THE VIEW FROM HERE
Our legislators in Albany rarely make national news (except perhaps as the subject of legal proceedings), but they did in recent days when they passed legislation urged by Governor Andrew Cuomo providing for free tuition for many New Yorkers attending the State University of New York or City University of New York.
To be sure, student tuition and subsequent loan debt is a serious problem for many families and graduates. While Governor Cuomo perhaps overstated the case when he compared student debt to “starting a race with an anchor tied to your leg”, heavy college indebtedness can have a big impact. In the last election, Bernie Sanders gained some traction with a free tuition proposal. There is at least something to the argument that college has become the 21st century version of high school, often a minimum educational standard. And, of course, student debt is frequently not dischargeable in bankruptcy, so it can be very hard to disgorge.
A case in point was a 23 year old, Christian Lopez, who I wrote about in 2011. Mr. Lopez was sitting in the stands at Yankee Stadium and happened to retrieve the home run ball that Derek Jeter put in the seats for his 3000th hit. The young man received a number of gifts from the Yankees for returning the ball to the Yankee shortstop rather than selling it to the highest bidder and also apparently got some financial remuneration for his sportsmanship from Miller High Life, Steiner Sports and Modell’s. However, it also turned out that Mr. Lopez, who was a cellphone salesman, had just graduated from college with $100,000 in student debt and definitely needed the financial help. I remarked in the piece that you shouldn’t have to catch an historic baseball to avoid long term debt of this magnitude.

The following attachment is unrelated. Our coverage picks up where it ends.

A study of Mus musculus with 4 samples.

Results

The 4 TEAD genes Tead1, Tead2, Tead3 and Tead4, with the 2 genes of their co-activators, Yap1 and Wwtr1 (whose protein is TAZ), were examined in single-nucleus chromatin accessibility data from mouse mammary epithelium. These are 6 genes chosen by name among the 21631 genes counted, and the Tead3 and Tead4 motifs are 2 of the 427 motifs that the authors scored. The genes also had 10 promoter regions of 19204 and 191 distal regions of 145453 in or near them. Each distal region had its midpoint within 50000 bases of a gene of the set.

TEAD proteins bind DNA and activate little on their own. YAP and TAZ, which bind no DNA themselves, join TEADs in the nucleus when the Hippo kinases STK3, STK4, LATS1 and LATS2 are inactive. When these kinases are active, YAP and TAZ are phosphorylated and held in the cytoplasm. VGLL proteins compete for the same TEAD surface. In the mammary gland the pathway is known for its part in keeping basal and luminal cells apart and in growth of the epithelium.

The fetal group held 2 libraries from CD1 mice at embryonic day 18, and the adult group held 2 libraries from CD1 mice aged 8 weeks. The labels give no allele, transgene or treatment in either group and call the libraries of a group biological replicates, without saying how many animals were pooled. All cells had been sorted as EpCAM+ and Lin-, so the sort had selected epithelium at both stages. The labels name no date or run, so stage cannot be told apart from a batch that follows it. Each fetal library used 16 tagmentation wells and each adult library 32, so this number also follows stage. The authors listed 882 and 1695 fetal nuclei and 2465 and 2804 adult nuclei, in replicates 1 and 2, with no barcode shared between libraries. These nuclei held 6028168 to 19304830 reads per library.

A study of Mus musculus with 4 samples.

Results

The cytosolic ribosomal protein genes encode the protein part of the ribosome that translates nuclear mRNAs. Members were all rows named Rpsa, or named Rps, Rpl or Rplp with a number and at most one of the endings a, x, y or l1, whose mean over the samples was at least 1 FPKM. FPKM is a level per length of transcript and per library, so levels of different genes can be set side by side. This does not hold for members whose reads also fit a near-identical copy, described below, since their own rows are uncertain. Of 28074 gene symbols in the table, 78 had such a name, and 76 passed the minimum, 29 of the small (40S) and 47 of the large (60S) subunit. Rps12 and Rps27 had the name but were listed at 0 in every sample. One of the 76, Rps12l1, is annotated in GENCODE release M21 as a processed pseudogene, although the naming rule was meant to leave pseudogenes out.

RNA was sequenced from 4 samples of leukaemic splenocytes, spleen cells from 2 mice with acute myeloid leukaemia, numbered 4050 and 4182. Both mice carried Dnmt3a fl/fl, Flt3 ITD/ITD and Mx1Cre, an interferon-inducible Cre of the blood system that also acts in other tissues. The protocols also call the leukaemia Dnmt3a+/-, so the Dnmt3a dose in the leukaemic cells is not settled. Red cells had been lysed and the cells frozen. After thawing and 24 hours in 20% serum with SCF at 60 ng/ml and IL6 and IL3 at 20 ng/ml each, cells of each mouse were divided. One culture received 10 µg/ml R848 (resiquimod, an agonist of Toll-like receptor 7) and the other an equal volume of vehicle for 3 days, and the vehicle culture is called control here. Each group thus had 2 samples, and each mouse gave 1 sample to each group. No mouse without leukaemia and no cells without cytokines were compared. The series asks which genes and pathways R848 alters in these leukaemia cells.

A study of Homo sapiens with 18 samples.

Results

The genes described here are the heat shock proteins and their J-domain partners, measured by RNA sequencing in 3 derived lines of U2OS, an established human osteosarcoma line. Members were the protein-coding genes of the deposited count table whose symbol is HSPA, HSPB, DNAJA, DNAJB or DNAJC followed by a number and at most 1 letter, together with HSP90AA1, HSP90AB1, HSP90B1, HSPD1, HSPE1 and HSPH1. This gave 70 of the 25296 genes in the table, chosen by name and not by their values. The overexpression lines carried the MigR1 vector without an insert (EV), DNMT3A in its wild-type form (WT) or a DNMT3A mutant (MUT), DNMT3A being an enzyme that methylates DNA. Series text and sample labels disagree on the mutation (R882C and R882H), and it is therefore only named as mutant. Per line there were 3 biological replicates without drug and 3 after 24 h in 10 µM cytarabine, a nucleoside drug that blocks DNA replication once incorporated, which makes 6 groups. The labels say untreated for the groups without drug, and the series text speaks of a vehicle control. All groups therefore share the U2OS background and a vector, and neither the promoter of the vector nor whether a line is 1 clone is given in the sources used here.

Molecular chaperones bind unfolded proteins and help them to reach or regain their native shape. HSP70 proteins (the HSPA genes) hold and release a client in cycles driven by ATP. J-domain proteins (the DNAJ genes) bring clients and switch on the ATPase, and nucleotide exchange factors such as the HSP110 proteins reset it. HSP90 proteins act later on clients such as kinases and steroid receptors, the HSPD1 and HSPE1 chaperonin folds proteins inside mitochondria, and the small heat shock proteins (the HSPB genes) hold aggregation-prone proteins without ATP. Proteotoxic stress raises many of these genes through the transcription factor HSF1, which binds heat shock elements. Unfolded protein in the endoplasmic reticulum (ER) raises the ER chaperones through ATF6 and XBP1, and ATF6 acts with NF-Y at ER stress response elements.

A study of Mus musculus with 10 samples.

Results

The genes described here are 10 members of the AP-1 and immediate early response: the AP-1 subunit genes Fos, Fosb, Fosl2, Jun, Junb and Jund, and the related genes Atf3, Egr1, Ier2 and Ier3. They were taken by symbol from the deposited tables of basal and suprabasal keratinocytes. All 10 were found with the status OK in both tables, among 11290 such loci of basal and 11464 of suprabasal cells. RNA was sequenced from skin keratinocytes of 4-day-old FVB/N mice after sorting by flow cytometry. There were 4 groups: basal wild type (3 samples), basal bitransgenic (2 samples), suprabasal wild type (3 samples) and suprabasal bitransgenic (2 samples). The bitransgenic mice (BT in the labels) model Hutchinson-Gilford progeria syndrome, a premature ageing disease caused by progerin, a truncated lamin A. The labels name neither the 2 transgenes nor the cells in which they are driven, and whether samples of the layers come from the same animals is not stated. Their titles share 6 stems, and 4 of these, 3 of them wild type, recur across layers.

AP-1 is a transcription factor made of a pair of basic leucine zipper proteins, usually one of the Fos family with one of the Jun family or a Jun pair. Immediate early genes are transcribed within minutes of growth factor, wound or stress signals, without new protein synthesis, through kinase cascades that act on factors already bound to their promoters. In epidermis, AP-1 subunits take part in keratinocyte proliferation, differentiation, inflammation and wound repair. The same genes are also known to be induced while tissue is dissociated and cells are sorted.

Nevertheless, there are significant questions and objections to Mr. Cuomo’s program. (I note that Republican politicians in New York State can’t be too critical since the GOP-controlled state senate adopted the plan.) Indeed, opposition, or at least deep skepticism, was expressed by such disparate voices as E.J. Mc Mahon of the conservative Empire Center, columnist David Brooks of The New York Times and indeed the editorial board of the Times.
As the critics point out, the rules of the program raise numerous issues. Scholarships are only available for study at public colleges, thus placing the 150 private institutions in the state at a competitive disadvantage. Only students studying full time (averaging 30 credits per year, with some hardship exceptions) may gain aid under the program, thus excluding many individuals unable or unwilling to follow the traditional educational study model. Students must remain in New York State for the same number of years that they received scholarships, even if there are compelling economic opportunities elsewhere. The scholarships also do not cover such essentials as room, board and books.
The economic requirements of the program seem flawed. The program does not help families with taxable incomes under $50,000, who are already covered by the Tuition Assistance Plan. While a $100,000 income limit (based on adjusted gross income; $125,000 starting in $2019) may seem reasonable upstate, exceeding this level of income in high-cost places like Nassau County does not equate with great wealth and going over the limit by even a dollar appears to wipe out the scholarship. Significantly, student income is included in the family total, an odd disincentive in some cases against students holding part time jobs.
Most fundamentally, there is something deeply problematic about “free” tuition. Entitlements like this tend to be difficult to end and send the wrong message to recipients -- that there is something for nothing. It may also push up demand for SUNY and CUNY college and require cutbacks in the quality of education.
So, Governor Cuomo and our state legislators are definitely addressing a real problem with the free tuition program, but the law that emerged has far too many drawbacks.